These enhanced-color views from NASA's Dawn mission show an unusual "pitted terrain" on the floors of the craters named Marcia (left) and Cornelia (right) on the giant asteroid Vesta. The views show that the physical properties or composition of the material in which these pits form is different from crater to crater.
Scientists assigned specific ratios of wavelengths of reflected light to different colors to show variations in the minerals on the surface. In this color scheme, green areas indicate areas that are primarily composed of silicate minerals rich in magnesium and iron. Red and blue areas indicate the relative predominance of bluer wavelengths compared to redder wavelengths, which arises from differences in composition, grain size or space weathering. Blue regions appear to have a higher component of the hydrated, carbon-rich material deposited on Vesta's surface.
Scientists think low-speed collisions with carbon-rich meteorites left hydrated minerals on Vesta's surface. It is thought that heat generated during later, high-speed collisions with asteroid belt rocks released water that was previously bound within the hydrated minerals. This water is thought to have explosively degassed into space, leaving behind pothole-like depressions as it escaped.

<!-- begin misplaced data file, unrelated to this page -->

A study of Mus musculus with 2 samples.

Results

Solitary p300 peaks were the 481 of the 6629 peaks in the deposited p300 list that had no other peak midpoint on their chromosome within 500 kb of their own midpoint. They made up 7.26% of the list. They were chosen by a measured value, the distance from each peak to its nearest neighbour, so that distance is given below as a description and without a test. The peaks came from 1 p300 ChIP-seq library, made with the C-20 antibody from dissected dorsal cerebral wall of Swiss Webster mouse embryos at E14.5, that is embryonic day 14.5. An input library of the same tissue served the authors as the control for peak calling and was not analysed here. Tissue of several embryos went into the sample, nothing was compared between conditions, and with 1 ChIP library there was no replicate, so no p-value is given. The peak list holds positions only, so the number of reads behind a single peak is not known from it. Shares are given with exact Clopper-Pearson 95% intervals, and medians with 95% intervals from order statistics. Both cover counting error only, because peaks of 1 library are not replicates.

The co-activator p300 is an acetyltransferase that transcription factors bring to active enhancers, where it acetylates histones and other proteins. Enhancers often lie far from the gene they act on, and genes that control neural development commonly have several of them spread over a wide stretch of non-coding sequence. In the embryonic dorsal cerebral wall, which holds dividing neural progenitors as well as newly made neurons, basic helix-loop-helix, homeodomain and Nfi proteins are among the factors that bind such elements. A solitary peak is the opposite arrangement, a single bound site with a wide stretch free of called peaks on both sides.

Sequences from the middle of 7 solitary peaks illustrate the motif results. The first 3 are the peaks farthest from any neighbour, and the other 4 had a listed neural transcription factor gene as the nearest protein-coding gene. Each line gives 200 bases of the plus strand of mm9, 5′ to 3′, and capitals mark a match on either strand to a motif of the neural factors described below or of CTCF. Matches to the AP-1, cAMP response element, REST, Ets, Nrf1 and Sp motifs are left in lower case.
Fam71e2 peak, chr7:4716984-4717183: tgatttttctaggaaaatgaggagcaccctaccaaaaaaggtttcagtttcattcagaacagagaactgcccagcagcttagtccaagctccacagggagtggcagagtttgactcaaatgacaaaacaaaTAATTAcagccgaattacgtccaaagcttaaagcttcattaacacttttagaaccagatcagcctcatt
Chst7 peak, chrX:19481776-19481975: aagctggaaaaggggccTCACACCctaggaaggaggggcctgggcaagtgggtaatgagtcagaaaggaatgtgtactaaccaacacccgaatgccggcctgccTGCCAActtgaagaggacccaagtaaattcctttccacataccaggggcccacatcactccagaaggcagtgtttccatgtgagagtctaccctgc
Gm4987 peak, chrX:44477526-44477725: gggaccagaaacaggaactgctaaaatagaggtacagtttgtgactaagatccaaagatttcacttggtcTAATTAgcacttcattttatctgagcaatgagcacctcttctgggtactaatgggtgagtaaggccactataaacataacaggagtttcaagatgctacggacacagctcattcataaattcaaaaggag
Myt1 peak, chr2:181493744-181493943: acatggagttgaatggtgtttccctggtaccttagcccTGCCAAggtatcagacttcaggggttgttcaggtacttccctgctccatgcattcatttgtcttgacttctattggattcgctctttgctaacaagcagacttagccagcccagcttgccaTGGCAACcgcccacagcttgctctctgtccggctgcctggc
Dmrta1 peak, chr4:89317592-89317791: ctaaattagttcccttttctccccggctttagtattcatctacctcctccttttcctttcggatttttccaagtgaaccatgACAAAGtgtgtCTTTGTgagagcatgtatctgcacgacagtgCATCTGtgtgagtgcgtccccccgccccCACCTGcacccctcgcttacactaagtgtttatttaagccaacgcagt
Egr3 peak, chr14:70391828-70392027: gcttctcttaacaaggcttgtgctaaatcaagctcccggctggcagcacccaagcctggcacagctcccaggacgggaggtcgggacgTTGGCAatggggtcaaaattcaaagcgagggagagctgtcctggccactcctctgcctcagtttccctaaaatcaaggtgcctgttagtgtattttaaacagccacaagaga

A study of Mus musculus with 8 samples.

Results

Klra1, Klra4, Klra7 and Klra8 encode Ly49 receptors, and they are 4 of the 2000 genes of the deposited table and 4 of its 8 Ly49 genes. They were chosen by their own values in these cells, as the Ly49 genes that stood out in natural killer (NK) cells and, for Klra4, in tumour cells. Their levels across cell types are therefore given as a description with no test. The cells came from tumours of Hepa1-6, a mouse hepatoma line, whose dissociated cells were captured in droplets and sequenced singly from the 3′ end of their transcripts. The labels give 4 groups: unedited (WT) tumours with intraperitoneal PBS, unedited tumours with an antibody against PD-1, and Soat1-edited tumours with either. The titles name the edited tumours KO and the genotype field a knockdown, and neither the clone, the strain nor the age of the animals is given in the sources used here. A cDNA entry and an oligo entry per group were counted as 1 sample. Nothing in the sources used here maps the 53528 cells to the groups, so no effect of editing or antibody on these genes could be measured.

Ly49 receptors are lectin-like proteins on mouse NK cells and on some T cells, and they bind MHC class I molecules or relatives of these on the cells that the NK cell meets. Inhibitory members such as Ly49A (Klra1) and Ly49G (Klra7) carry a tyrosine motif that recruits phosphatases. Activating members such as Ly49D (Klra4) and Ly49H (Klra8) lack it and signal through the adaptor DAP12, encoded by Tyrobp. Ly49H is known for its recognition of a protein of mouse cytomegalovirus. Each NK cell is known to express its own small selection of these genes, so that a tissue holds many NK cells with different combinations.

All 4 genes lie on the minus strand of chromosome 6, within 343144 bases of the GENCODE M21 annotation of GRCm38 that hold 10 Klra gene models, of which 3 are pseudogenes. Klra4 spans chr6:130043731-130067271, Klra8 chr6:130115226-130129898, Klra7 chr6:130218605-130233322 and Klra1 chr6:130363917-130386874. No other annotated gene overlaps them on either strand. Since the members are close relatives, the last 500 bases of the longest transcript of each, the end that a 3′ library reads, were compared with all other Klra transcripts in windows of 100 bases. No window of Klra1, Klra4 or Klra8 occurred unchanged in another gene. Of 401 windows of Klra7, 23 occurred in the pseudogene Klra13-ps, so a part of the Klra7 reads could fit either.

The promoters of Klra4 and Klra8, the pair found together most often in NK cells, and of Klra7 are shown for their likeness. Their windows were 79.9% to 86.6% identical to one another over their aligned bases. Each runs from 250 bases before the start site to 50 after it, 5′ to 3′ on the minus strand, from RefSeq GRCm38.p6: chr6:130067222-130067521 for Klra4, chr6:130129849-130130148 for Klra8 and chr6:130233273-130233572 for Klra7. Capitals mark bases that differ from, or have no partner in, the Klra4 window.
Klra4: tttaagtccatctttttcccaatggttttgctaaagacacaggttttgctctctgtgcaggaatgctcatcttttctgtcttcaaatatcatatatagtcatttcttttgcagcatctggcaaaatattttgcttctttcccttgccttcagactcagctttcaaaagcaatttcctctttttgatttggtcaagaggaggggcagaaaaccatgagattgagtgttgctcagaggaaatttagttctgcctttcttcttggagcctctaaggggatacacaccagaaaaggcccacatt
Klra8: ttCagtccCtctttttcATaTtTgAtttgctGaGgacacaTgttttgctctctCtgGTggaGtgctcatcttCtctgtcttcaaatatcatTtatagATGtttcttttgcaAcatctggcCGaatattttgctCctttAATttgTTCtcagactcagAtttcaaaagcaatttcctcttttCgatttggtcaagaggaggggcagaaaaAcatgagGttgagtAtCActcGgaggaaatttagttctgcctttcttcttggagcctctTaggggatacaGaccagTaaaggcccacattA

Dawn's mission to Vesta and Ceres is managed by JPL for NASA's Science Mission Directorate in Washington. JPL is a division of the California Institute of Technology in Pasadena. Dawn is a project of the directorate's Discovery Program, managed by NASA's Marshall Space Flight Center in Huntsville, Ala. UCLA is responsible for overall Dawn mission science. Orbital Sciences Corp. in Dulles, Va., designed and built the spacecraft. The gamma ray and neutron detector instrument was built by Los Alamos National Laboratory, N.M., and is operated by the Planetary Science Institute, Tucson, Ariz.